Payday Loan fight to continue statewide

healthcommissionSo far the payday loan industry has easily bested reformers but the fight will continue this year with another state initiative attempt to force a public vote.

Kathryn Evans, a community organizer for Communities Creating Opportunity, on Friday asked for support from the Kansas City Health Commission.

CCO is a group of religious and community leaders that promotes equity issues in Missouri and Kansas.

The average payday loan interest rate is 400 percent, the legal limit is almost 2000 percent, Evans said, and the loans are like the potato chip commercial: “You can’t eat just one.”

She told of a man who took out a payday loan for a hospital bill for treatment of his wife’s broken leg. It led to more loans and loss of the couples’ house.

In another case, she said, a mentally ill mother of three children used a loan with 500 percent interest to pay her utility bills. The payday loan company started taking $220 out of her bank account each month, leaving her without money to feed her children.

CCO and other groups tried for 12 years to get the Missouri General Assembly to impose tougher regulations on payday lending and lost each year.

In 2012, she said, they launched an effort to force on the ballot a measure that would have limited the interest rate to 36 percent – the highest level recommended by federal officials.

The signatures were gathered but constant legal challenges and opposition kept the measure off the ballot, she said.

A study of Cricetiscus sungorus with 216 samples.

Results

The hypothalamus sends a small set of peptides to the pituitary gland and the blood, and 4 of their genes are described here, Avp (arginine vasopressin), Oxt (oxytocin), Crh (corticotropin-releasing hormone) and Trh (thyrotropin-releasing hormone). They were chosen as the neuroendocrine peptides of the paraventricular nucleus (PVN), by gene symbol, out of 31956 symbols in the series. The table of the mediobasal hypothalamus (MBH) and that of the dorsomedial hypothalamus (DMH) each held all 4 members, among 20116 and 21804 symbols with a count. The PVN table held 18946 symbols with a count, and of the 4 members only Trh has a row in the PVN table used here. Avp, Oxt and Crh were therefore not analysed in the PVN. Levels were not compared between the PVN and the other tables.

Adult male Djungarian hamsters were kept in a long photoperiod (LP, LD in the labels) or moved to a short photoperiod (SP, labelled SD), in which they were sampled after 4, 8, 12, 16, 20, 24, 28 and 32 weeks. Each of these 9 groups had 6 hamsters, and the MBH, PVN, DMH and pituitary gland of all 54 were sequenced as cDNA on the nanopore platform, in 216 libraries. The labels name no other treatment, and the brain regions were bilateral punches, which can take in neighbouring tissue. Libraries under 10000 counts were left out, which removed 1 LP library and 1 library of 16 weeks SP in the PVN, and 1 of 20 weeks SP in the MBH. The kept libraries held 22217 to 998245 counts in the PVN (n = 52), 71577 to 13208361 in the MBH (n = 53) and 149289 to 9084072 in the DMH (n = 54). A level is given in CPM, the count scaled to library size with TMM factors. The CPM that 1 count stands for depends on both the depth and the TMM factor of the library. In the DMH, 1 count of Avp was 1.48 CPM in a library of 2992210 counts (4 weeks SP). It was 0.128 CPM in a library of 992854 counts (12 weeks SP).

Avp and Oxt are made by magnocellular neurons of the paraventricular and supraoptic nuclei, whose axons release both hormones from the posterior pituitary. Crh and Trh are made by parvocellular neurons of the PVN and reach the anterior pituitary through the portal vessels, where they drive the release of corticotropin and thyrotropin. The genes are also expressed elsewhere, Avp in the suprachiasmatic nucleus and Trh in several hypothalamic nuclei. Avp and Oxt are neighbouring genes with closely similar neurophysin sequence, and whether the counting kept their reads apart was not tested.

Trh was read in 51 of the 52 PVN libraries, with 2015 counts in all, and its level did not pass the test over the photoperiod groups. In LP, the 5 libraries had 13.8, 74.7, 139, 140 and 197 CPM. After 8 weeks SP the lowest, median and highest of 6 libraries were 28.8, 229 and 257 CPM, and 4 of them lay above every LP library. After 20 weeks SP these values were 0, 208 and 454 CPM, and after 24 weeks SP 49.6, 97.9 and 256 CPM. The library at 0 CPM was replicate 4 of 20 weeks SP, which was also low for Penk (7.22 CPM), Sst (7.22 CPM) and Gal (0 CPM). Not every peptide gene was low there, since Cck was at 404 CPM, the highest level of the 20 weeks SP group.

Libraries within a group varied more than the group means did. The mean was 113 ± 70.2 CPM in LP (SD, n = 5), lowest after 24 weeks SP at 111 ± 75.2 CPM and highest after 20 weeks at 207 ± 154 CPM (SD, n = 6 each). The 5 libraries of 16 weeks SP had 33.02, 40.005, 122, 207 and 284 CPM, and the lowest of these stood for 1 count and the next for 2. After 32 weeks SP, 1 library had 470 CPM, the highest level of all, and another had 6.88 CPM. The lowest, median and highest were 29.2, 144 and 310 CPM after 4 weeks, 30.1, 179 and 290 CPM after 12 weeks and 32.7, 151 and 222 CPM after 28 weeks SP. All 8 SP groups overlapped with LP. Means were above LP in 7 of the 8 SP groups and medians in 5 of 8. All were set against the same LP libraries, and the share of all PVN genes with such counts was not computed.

The payday loan groups are major political contributors and Missouri lawmakers have no limits on contributions, she said.

A Sunday article in the Kansas City Star headlined “The No-Limit Legislature” says Missouri is the only state without limits on campaign donations or on how much an elected official can accept in personal gifts from lobbyists.

Also from the article:

A group called Missourians for Responsible Government spent $2.8 million to stop the 2012 ballot measure to limit the payday loans.

In 2010, the last serious legislative effort to impose more such restrictions, the payday loan industry gave nearly $400,000 to legislators and political committees.

That bill died in the House Financial Institutions Committee, where the vice chairman owned a payday loan store.

The unlimited contributions and term limits, which tend weaken incumbents and make them less informed, also make the money speak louder, Sen. Brad Lager, a Savannah Republican, told the Kansas City Star.

“They (lawmakers) don’t want to shut off the gravy train,” he said.

But the Star reported that supporters of ethics reform have already filed at least two ballot initiatives for this year.

“The foxes have demonstrated they cannot protect the hen house,” Sean Soendker Nicholson, executive director of Progress Missouri, told the Star. “It’s going to take something on the ballot.”

Apparently there will be many people gathering signatures this year.